Ireland's supersized primary school class sizes remain a "national embarrassment" as a new report by the OECD finds that countries with smaller classes may find it easier to comply with social distancing.
This year’s ‘Education at a Glance’ by the OECD points to class sizes as a “critical parameter” when it comes to reopening schools and complying with new Covid regulations.
The number of students per class and the physical space available are important factors in maintaining #COVID19 social distancing in the classroom 👧↔️👦— OECD Education (@OECDEduSkills) September 8, 2020
See how your country compares in this year’s Education at a Glance 👉 https://t.co/S7UUskWEyi#OECDEAG #LessonsForEducation pic.twitter.com/NEBfU579ej
Ireland failed to submit data on class sizes for this year’s report. However, figures published last year put the average class size in primary schools here at 25 students, compared with an EU average of 20.
Almost one in five primary schoolchildren here are in classes of 30 students or more, according to John Boyle, the general secretary of the Irish National Teachers' Organisation (INTO).
"This hindered our ability to re-open and may very well be the reason our schools cannot remain fully open," he said. "We simply have to get our class sizes under control, with too many pupils learning in cramped classrooms of more than 30 pupils."
With social distancing one of the most effective measures to prevent the spread of Covid-19, in schools this means reducing contact between children and maintaining a safe distance between students and staff.
🚫🏫 Each week of #coronavirus school closure represents on average:— OECD Education (@OECDEduSkills) September 8, 2020
22 hours of instruction time at primary level
25 hours at secondary level
More on instruction time in Education at a Glance 2020 👉 https://t.co/S7UUskF39I#OECDEAG #LessonsForEducation pic.twitter.com/tU8Xv2lLA6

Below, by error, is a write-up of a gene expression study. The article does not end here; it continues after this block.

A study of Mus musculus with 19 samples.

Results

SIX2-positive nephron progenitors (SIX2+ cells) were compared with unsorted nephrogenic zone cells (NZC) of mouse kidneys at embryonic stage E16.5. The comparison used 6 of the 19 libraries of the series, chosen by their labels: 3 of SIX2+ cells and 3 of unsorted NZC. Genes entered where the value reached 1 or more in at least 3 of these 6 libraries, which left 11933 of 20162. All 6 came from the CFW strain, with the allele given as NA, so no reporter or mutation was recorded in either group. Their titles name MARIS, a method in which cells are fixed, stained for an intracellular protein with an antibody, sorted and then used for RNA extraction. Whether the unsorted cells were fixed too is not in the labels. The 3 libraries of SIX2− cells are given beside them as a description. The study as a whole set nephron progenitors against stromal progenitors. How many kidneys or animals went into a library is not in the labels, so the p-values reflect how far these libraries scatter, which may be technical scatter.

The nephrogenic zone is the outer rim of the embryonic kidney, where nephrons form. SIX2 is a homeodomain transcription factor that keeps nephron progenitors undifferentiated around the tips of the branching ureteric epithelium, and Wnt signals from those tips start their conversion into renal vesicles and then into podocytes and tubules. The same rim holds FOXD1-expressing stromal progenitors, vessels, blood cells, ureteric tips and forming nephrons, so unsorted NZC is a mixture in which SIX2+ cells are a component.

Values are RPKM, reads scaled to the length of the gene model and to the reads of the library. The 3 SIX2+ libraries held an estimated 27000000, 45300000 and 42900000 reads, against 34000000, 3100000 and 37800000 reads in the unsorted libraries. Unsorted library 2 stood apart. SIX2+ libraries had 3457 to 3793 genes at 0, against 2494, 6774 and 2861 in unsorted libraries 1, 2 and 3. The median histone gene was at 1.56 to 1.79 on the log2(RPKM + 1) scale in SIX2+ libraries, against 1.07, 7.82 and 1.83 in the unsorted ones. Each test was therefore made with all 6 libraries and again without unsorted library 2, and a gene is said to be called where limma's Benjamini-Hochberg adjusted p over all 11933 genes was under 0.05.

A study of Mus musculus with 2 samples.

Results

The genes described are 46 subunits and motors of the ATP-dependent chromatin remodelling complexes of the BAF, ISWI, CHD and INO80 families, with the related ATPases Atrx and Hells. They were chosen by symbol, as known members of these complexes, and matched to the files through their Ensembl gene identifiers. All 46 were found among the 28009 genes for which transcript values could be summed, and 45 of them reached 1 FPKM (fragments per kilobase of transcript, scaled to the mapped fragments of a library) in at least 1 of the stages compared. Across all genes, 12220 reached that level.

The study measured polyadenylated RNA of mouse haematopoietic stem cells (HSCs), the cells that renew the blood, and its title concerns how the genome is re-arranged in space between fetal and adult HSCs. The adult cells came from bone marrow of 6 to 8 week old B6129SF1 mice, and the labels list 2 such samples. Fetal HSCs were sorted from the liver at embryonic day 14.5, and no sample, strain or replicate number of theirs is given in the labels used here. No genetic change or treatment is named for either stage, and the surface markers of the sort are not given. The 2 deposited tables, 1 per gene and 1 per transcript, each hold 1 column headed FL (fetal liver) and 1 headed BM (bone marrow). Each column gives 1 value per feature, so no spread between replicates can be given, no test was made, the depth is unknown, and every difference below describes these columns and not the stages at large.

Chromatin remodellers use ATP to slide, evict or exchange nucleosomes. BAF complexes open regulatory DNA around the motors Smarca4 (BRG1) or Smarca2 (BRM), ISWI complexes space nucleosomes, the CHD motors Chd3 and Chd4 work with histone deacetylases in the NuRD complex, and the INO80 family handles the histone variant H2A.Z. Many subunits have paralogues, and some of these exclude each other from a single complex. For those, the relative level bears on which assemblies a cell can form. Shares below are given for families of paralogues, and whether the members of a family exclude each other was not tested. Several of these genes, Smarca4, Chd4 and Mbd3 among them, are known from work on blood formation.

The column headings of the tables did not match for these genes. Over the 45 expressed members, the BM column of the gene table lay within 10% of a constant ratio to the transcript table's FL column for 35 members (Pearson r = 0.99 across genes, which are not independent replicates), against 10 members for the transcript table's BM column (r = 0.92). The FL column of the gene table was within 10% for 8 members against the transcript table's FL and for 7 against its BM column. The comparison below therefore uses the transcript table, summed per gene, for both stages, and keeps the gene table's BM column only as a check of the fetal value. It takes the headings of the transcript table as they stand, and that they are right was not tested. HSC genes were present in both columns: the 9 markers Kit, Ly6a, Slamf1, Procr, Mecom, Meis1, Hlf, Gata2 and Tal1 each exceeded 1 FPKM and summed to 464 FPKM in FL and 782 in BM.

“Countries with smaller class sizes may find it easier to comply with new restrictions on social distancing provided they have the space to accommodate the number of students safely,” the OECD report says.
Separately, this year’s ‘Education at a Glance’ shows low levels of investment here in education compared to international standards.
Investment in second-level education is also lower than international standards, with 1.1% of GDP invested here compared to the OECD and EU average of 1.9%. In 2017, Ireland invested 3.4% of GDP in primary, second and third-level education, compared to the OECD average of 4.9% and the EU average of 4.5%
🆕 Just released: Education at a Glance 2020— OECD Education (@OECDEduSkills) September 8, 2020
The authoritative source of information on the state of education around the world 🧑🏫🏫🧑🎓
Read the full report 👉 https://t.co/S7UUskF39I#OECDEAG pic.twitter.com/rhhR8xQ38Y
Under-investment in schools makes them extremely vulnerable to crises, according to Ann Piggott, president of the Association of Secondary Teachers Ireland (ASTI). "Large classes, insufficient staffing, and inadequate accommodation and equipment are challenging at any time. In the context of a pandemic, these deficits make operational measures such as social distancing and remote learning highly problematic.”
At third level, the students-teaching staff ratio of 20:1 remains much higher than the European average of 14:1, and the OECD average of 15:1. "This is a clear indictment of the ongoing political failure, or refusal, to address the sector’s funding crisis," said Martin Marjoram, President of the Teachers' Union of Ireland (TUI).
Starting salaries for full-time teachers at second level are broadly in line with the OECD and European averages, he added. "It is important to note that the majority of second-level teachers in Ireland commence employment on a contract of less than full hours."